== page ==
In New Jersey, a charge for the traffic offense of driving while intoxicated carries with it serious penalties. These penalties vary depending on the number of times a driver has been convicted of the offense, what the circumstances were and the level of alcohol in the blood. Drivers who are charged with DWI don’t have options when it comes to a plea bargain because plea bargains are not allowed with DWI charges. There are situations in which the prosecutor will be able to reduce the charges, but it will not be through a plea bargain. The defendant must hope for his or her attorney to find a way to win an acquittal. There are many ways in which this could be accomplished including pursuing a defense based on the DWI stop being made improperly by the law enforcement officer.
DWI Investigations, Procedures And Penalties
After a DWI stop is made, the officer will speak to the driver and ask for the driver’s license, registration and proof of insurance. When this is being done, the officer will look for clear signals of intoxication including slurring words, the smell of alcohol and bloodshot eyes. Once these have been established, the officer will ask the driver to submit to field sobriety tests. These will include the Walk and Turn test, the One-Leg Stand test and the Horizontal Gaze Nystagmus test.
If the driver still exhibits signs of being intoxicated, the officer will ask that the driver take a breath test to determine the blood alcohol content. A driver is not allowed to refuse to take a breathalyzer test due to the law of implied consent that any driver in New Jersey is subject to when driving in the state. If the driver refuses, it will lead to a charge of refusal. This charge will be levied whether the driver had been drinking or not and its penalties are similar to those for a DWI conviction. When the breath test is taken, there will be an arrest for DWI if a driver 21 and over registers 0.08% or above. For a commercial driver, the level is 0.04%. For a driver under the age of 21, it is 0.01%.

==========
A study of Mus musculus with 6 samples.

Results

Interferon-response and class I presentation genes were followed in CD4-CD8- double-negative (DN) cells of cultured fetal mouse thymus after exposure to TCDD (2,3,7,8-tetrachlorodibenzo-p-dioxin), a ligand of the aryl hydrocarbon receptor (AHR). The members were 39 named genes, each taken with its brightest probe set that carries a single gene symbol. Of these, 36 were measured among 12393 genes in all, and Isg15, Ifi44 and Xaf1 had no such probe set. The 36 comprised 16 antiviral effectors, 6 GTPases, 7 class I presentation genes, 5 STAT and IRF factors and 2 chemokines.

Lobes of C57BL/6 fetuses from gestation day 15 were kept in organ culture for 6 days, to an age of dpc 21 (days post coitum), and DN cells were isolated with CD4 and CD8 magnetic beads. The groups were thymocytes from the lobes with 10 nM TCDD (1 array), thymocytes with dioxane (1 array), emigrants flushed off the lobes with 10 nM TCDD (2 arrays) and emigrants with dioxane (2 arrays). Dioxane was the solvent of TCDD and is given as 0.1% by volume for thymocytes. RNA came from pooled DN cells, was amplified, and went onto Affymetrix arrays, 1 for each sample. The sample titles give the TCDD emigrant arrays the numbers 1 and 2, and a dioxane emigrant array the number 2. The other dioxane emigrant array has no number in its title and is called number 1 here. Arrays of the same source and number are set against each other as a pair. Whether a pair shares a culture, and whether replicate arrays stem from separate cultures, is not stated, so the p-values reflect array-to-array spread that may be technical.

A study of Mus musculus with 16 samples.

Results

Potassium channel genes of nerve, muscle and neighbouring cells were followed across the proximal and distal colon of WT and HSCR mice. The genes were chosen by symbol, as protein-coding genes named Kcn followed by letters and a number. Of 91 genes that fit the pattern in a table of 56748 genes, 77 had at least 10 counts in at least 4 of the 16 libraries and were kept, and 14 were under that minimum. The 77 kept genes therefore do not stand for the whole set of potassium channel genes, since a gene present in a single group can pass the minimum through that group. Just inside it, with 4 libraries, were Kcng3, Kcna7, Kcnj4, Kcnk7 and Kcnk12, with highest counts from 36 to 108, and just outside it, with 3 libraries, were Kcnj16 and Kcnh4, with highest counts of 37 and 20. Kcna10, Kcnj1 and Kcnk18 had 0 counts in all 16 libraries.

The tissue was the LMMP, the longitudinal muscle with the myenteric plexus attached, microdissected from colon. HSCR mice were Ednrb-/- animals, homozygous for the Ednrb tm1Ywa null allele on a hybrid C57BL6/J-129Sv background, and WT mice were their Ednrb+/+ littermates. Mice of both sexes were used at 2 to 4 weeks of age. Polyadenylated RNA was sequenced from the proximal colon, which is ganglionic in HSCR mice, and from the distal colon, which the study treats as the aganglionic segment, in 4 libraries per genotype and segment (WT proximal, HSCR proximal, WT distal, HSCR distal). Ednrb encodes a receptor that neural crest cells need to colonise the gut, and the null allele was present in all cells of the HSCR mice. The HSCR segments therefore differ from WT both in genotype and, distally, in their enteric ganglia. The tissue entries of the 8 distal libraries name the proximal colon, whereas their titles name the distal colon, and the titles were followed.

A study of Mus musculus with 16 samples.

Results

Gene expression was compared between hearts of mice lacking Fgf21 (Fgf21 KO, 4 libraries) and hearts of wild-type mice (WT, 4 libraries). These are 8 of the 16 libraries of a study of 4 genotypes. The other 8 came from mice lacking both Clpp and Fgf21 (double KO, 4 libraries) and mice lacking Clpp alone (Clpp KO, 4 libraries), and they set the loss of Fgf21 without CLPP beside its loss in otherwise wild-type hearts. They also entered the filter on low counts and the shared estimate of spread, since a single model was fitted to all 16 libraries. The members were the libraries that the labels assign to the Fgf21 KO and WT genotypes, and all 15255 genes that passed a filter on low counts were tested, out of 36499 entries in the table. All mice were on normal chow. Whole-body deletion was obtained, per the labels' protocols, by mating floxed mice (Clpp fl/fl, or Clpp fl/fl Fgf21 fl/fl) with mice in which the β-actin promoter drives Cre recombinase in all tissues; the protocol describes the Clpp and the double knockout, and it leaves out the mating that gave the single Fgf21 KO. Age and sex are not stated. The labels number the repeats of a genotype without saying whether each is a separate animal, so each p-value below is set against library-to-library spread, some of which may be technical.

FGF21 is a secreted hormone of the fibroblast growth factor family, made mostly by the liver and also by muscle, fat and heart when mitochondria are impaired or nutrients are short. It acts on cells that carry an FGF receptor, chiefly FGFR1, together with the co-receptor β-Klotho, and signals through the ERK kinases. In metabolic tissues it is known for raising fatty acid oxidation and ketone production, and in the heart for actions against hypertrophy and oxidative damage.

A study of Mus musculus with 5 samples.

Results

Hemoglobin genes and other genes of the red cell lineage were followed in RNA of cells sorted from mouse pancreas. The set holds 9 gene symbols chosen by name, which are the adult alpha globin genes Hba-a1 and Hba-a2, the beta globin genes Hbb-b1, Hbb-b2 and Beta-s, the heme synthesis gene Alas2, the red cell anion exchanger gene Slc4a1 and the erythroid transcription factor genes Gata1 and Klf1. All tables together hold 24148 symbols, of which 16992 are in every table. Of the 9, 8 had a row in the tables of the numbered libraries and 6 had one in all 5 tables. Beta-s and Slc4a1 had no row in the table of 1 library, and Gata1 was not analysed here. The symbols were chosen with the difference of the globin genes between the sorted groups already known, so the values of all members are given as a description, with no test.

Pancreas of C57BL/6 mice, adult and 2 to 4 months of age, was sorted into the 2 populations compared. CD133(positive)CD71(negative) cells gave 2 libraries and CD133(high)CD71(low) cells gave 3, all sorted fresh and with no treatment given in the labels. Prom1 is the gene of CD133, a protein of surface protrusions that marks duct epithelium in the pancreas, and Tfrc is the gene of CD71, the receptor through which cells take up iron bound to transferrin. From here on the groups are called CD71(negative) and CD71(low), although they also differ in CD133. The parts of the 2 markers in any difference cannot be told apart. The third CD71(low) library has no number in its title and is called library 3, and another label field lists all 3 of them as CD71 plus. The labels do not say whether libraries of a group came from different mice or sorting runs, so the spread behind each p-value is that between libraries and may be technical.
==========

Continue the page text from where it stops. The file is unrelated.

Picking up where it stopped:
If there is a conviction for first offense DWI with a BAC of 0.08% and below 0.10%, the driver will face numerous penalties. These will include a driver’s license suspension of three months. There will be a surcharge of $1,000 per year for three years. A fine will be for between $250 and $400. There will be a $230 fee for the Intoxicated Driver Resource Center (IDRC). $75 will go to the Neighborhood Services Fund. $100 each will go to the Alcohol Education and Rehabilitation Fund (AERF) and the drunk driving fund. There can be up to 30 days in jail. The penalties are more significant if the offense is, for example, committed in a school zone. With subsequent DWI penalties, there will also be increasing harshness of the punishments.
How The Traffic Stop Can Influence A Case’s Result
One of the ways in which a defense attorney will try to gain an acquittal is by examining the way the traffic stop was conducted. This why it is important to know how to handle DWI stops. Contrary to what many believe, the police are not allowed to make a traffic stop on a whim. If it can be proven that the traffic stop was made improperly, it can go a long way to getting an acquittal.
A police officer must have probable cause to make the stop. This means that he or she must witness a traffic infraction and believe that the driver is operating the vehicle under the influence. Examples of probable cause to make the traffic stop can include: failing to signal; driving at excessive speed; driving recklessly; causing damage; driving erratically by swerving and changing lanes dangerously; and not using headlines when they’re necessary. There are other reasons to stop a vehicle as well. For example, if there is a broken headlight; no license plate or expired license plate; broken windows; broken or malfunctioning taillights; and defective tires.
If there is no reason for the stop to have been made, it is possible for the attorney to use that to invalidate the entire investigation after the stop.
If the driver believes that the stop was made wrongly, then it is important to express that to the lawyer. If the reason given for the stop was a broken taillight and the driver had recently replaced that same taillight, it can be a means to show that the officer made the stop improperly. It is not a guarantee that the charges will be dropped even if the traffic stop is seen to be made in an improper way, but it is possible for a lawyer to use that as a means to get the charges reduced or dropped.